Come join the homeland security review

New Web site lets partners, stakeholders, public share opinions on DHS, homeland security

Starting today people can use a online tool to contribute to an extensive, ongoing review of the Homeland Security Department that will help determine DHS’ focus in the future.

DHS plans to hold three online dialogues in coming months so people other than those directly responsible for the Quadrennial Homeland Security Review (QHSR) can participate in that examination of homeland security-related goals, objectives and policies. Congress mandated the wide-ranging QHSR in 2007, and a final report on the effort is due to lawmakers by December 31.

The National Academy of Public Administration will host all the sessions, with the first running today through August 9. People can view and comment on proposals made by study groups that are conducting the QHSR, suggest their own ideas, tag ideas, and rate proposals by other people.

The quadrennial study is looking at:

  • Counterterrorism and domestic security management, including cybersecurity.
  • Border security.
  • Immigration law enforcement.
  • Disaster response.
  • Preparing for, responding to, and recovering from disasters
  • Developing a homeland security national risk assessment.
  • Assessing current approaches to national homeland security planning and the development of capabilities.

The second Web-based dialogue, scheduled to run from August 31 through September 6, will let people comment on additional material from the study groups. The third dialogue, set for September 28 through October 4, will seek final review of the study groups’ recommendations for mission goals, objectives, and enhancements.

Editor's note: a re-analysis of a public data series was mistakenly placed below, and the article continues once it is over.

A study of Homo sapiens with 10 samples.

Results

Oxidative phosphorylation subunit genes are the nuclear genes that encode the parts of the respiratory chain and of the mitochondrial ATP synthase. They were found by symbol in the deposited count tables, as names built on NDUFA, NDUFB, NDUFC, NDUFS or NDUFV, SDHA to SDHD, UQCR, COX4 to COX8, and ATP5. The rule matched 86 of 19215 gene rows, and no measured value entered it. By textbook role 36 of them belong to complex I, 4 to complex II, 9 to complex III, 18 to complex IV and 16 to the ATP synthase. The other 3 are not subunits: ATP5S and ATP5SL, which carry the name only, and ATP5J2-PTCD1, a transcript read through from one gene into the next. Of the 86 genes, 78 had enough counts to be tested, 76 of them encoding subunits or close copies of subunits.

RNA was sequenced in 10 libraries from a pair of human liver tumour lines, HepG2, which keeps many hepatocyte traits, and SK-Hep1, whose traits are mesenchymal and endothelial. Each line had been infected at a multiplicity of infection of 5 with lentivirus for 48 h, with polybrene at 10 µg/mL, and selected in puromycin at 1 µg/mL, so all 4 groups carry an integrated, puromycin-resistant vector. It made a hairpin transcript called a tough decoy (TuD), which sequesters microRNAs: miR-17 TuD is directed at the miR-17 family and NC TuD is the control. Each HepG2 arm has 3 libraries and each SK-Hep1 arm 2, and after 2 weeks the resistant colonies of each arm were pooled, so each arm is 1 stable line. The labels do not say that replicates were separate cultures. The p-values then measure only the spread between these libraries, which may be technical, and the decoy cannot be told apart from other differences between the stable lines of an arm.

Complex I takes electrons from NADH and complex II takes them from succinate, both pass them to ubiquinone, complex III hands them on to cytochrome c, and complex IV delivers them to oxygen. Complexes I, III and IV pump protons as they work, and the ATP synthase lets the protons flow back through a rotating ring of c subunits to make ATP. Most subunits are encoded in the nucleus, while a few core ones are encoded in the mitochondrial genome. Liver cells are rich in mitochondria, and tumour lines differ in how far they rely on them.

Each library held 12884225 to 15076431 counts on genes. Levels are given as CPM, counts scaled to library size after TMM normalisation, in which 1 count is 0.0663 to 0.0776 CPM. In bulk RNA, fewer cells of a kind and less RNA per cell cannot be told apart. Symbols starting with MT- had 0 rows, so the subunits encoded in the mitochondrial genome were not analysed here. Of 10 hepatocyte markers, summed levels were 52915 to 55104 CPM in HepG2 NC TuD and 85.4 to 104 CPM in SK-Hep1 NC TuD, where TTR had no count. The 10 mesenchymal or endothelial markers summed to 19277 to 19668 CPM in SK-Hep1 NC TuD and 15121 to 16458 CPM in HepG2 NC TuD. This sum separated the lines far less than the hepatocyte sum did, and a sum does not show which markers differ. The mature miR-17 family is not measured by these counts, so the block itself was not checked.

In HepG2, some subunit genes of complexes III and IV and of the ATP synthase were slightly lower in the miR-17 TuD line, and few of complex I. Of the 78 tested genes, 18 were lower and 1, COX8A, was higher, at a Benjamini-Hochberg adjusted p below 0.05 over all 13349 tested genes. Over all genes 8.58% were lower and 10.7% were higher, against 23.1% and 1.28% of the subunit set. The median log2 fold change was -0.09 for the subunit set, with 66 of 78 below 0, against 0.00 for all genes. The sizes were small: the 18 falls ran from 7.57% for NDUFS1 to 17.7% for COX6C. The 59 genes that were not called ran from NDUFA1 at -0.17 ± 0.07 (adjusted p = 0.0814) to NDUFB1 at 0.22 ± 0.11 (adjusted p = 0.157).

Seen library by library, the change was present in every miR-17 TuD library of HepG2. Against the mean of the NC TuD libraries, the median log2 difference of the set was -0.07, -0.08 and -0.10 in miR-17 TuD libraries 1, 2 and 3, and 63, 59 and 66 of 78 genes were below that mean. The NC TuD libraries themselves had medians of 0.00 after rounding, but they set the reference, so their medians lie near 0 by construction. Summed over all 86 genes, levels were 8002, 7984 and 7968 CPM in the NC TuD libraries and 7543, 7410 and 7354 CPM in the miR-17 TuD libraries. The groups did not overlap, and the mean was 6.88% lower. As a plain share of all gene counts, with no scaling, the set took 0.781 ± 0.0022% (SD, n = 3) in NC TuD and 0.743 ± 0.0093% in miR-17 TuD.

Each session will build on the previous one, with the QHSR study groups incorporating the input received online into their review, according to the National Dialogue on the Quadrennial Homeland Security Review’s Web page.

About the Author

Ben Bain is a reporter for Federal Computer Week.


Thu, Aug 6, 2009

Under the DHS Dialogue topic of "Preparing for, Responding to, and Recovering from Disasters" there seems to be a consensus that DHS should focus more on mitigation. That DHS should make mitigation of disasters the foundation for all its efforts in this area. One person wrote: "Mitigation means the action of lessening in severity or intensity." The proponents argue there is a difference in "Preparing" and "Mitigation", suggesting "preparing" means getting ready for, such as nailing shutters closed during a hurricane, whereas "mitigation" means recognizing threats and implementing programs and supporting innovations to protect us from those threats. Visit the dialogue and rate the ideas you like or dislike.

Mon, Aug 3, 2009

Homeland Security needs to focus on it's borders instead of neural monitoring and participating in the psychological abuse that they work so hard to pretend is not happening. The men and women are using this technology to rape, and cover up their criminal acts against citizens. We no longer have freedom and still we are not safe in this country with the present day policies. In fact the type of behavior modification and surveillance only creats an unsafe climate...according to the FBI.